This past January brought some amazing news: One of my favorite manga in recent memory—Rokudou no Onna-tachi by Yuuji Nakamura—is getting an anime release in April! I first wrote about the series here on Apartment 507 back in 2016 when the manga was first starting, and as a huge fan of the series, I want to emphasize that it defies easy categorization and should not be overlooked.
The Curse of Popularity
Rokudou no Onna-tachi is about a bullied boy named Rokudou Tousuke, who ends up casting magic on himself to become more popular with girls, but what he doesn’t realize is that he becomes attractive to only female delinquents and villains. But the baddest girl around is Ranna Himawari, a blonde tour de force of violence who ends up head over heels for Rokudou thanks to the spell, and now Rokudou must protect everyone else from the wrath of this unexpected guardian.
Don’t Underestimate This Series
While the premise of the series sounds like it would wear itself thin rather quickly, Nakamura adds a surprising amount of depth to the story, resulting in something that’s not just a blast to experience but also an excellent showcase for how masculinity can be non-toxic. I don’t want to spoil too much here, but the degree to which Rokudou grows emotionally is downright admirable, and makes him one of the unexpectedly coolest shounen heroes ever. There’s a very real possibility that Rokudou will be my favorite character of 2023, and that’s not something I ever say for harem leads.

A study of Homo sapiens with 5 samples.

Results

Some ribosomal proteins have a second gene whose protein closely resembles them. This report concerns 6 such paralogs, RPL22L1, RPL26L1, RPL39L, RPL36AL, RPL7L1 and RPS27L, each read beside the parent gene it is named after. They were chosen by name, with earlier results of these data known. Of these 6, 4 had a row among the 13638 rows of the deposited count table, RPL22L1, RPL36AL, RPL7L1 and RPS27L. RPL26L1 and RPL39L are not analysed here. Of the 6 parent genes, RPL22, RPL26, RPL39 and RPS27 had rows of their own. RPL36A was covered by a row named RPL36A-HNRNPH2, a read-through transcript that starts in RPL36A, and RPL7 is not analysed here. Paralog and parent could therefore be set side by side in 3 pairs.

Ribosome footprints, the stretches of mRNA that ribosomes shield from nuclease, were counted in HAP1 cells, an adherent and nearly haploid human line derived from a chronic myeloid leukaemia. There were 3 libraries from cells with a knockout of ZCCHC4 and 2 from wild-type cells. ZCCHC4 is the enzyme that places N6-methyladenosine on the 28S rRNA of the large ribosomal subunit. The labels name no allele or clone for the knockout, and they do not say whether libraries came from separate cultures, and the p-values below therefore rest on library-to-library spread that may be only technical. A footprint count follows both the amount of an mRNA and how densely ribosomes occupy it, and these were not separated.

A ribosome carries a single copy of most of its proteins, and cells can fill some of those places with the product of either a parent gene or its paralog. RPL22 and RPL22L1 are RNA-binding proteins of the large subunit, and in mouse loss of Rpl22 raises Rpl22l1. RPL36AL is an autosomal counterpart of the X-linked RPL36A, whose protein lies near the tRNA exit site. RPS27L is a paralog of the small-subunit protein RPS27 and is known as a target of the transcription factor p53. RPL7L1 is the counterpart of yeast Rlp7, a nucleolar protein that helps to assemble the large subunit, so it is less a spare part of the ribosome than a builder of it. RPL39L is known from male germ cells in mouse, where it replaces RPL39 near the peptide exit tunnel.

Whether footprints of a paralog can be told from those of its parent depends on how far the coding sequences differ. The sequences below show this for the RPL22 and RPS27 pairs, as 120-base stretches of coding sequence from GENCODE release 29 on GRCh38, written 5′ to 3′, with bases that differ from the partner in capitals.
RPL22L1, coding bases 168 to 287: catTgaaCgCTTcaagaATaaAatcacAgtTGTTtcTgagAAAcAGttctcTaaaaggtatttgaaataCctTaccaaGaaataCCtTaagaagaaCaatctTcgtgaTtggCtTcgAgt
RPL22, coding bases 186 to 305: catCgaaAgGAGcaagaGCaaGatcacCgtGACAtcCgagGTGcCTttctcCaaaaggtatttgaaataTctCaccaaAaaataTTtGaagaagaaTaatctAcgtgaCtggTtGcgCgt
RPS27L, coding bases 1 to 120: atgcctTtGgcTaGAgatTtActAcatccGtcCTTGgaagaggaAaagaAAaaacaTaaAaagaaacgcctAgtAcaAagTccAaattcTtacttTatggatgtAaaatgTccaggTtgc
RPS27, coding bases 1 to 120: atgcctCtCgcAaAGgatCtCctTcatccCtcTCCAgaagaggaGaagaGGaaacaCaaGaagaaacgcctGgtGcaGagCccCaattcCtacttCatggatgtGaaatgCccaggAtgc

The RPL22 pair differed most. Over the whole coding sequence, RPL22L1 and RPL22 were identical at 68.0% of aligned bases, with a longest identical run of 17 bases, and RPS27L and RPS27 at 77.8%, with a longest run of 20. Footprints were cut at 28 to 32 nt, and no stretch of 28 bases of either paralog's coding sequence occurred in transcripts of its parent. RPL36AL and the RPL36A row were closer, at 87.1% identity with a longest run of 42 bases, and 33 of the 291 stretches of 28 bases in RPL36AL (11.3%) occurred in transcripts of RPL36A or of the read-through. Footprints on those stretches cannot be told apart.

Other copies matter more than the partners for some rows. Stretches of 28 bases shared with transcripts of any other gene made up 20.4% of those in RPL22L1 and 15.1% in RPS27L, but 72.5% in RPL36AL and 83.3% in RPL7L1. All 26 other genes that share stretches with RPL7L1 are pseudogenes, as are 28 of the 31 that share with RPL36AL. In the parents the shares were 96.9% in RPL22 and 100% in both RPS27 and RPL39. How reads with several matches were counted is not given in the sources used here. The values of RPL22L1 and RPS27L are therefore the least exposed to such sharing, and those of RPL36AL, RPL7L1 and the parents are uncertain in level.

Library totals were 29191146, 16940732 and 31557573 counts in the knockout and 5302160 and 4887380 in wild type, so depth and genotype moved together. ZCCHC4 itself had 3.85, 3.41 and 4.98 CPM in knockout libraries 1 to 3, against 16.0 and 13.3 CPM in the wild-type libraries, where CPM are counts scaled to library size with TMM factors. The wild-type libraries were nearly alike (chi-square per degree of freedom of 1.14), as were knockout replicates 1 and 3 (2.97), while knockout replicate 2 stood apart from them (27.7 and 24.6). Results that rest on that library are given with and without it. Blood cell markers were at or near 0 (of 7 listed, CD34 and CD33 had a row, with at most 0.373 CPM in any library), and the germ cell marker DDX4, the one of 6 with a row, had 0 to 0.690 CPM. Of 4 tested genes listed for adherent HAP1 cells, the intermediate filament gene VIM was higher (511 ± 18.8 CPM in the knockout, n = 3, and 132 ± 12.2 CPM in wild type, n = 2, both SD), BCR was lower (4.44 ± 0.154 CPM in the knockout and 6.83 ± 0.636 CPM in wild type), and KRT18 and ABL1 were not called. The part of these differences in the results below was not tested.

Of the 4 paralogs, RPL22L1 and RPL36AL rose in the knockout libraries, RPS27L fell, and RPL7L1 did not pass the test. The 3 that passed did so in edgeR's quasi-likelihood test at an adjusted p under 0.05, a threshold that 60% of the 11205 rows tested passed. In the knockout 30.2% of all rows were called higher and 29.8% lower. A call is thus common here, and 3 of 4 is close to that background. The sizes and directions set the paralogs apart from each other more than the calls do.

In the Hands of a Great Anime Studio
I have to acknowledge that I might be jumping the gun, and the anime will not live up to my lofty expectations. But the studio animating Rokudou no Onna-tachi is Satelight, and I have a great deal of faith in them. They’re the producers of modern-day Macross, the Aquarion franchise, AKB0048, and Symphogear; this means they know how to do action scenes, and Rokudou no Onna-tachi is brimming with them. What’s more, they’re actually cleaning up the character designs—not enough to fundamentally change them, but enough that people who might be turned away by the manga’s somewhat rough art style could give it a chance.
The Shining Age of Delinquents
Another thing that gives Rokudou no Onna-tachi a real chance at success outside of Japan is that delinquent characters and good boys are more accepted by anime fans these days. Protagonists like Tanjiro in Demon Slayer and Deku in My Hero Academia are the flag bearers of heroes with caring hearts. Shows like JoJo’s Bizarre Adventure and Tokyo Revengers have popularized delinquents as well. Rokudou no Onna-tachi has both and portrays them well.
Looking to April
The harem and delinquent genres are two very different flavors, yet Rokudou no Onna-tachi manages to combine them in beautifully ugly ways. It’s what really gives the series legs in ways I never would have imagined from Chapter 1. I’m hyped to see others potentially discover this bloody gem of a title. And while saying “I was here before it was cool” would be rather corny of me, it’s very much in the spirit of Rokudou no Onna-tachi that “coolness” and “corniness” are one and the same.